Around the world, people give blood over 112.5 million times a year. This donor blood consists of four groups: AB, A, B and O blood. They can be distinguished by the sugars on the surface of their red blood cells, also known as antigens. The antigens in the donor blood must match those of the recipient. For example, if someone with blood group B is given A blood, their immune system may attack the transfused blood. This issue is especially challenging in the case of blood group AB. AB contains both A and B antigens. As a result, it can only be donated to people with this specific blood group. O blood, on the other hand, does not contain any of these sugars: it is a universal donor suitable for all recipients. Although 40% of the population has this blood group, demand for O blood is consistently high due to its limited shelf life.
Scientists have been trying to remove the antigens from red blood cells for years in an effort to convert A, B and AB blood into O. Researchers from the University of British Columbia managed to achieve a small breakthrough. They used bacterial enzymes from the human gut system to remove red blood cell antigens. The intestinal wall is covered in sugars, some of which resemble the A and B antigens in our blood. Many gut bacteria live off these sugars and have evolved to break them down efficiently. Crucially, these intestinal microbes harvest sugars by removing them from the intestinal wall. The researchers effectively emulate this process when 'wiping' the red blood cells clean.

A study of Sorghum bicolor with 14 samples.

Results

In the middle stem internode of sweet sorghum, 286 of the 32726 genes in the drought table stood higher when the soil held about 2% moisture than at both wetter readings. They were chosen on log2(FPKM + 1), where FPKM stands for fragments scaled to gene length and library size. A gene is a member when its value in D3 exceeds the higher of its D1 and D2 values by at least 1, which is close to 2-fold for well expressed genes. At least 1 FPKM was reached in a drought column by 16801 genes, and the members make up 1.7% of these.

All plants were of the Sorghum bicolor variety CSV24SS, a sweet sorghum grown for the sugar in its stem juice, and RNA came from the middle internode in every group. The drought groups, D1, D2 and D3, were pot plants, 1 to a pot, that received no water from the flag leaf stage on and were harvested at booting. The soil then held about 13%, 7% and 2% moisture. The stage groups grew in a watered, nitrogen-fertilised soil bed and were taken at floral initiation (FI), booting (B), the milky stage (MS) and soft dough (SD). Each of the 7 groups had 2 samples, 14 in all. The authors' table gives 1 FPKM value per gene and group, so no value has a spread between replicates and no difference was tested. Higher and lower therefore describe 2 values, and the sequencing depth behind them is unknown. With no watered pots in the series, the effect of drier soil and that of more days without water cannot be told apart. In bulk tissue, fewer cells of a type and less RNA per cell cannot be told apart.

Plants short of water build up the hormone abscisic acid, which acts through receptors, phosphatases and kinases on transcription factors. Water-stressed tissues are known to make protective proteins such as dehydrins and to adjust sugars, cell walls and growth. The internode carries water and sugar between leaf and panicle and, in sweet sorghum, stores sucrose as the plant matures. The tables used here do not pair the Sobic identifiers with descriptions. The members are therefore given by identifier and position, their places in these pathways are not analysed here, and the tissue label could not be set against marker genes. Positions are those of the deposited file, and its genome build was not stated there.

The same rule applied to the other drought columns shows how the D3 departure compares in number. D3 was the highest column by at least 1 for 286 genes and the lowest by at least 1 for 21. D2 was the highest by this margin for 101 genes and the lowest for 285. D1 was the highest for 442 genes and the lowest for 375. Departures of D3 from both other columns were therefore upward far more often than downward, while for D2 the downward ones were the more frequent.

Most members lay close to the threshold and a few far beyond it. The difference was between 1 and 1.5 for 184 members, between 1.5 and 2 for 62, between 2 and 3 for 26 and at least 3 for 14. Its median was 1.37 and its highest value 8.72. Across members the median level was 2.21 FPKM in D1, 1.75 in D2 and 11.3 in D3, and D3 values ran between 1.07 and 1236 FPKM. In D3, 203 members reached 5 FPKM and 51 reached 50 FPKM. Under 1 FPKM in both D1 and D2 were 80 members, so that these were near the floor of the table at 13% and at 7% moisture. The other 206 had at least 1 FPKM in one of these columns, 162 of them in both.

Enzymes from your intestines
Our gut system contains trillions of bacteria from over 1,000 different types – each with their own specific function. The researchers applied a technique known as metagenomics in order to optimise the potential of bacterial intestinal enzymes. This process enabled them to read the DNA of all bacteria in each gut sample at once. Having isolated the bacteria's entire genetic make-up, the team broke down the DNA into small components and introduced it into E. coli. Using basic sugar molecules as a substitute for A and B antigens, the researchers tested some 20,000 different DNA fragments. Their aim was to find out which fragments were active against the A and B antigens. The team eventually found eleven enzymes with the potential to counter the A antigen, plus one that was potentially active against the B antigen. One enzyme far outperformed all others.
The newly discovered bacterial enzyme is easy to maintain and remains active under various temperature conditions or salinity levels. It only takes a small quantity of the enzyme to 'wipe' the blood clean of all antigens. The researchers are currently testing their enzymes on a larger scale. Eventually, they hope to see hospitals adopt this type of blood conversion technology as standard. The last remaining challenge lies in the Rhesus factor, the protein that determines whether your blood group is positive (with Rh protein) or negative (without Rh protein). This factor involves a protein rather than a sugar; as a result, entirely different enzymes will be needed to create the ultimate universal blood: O negative.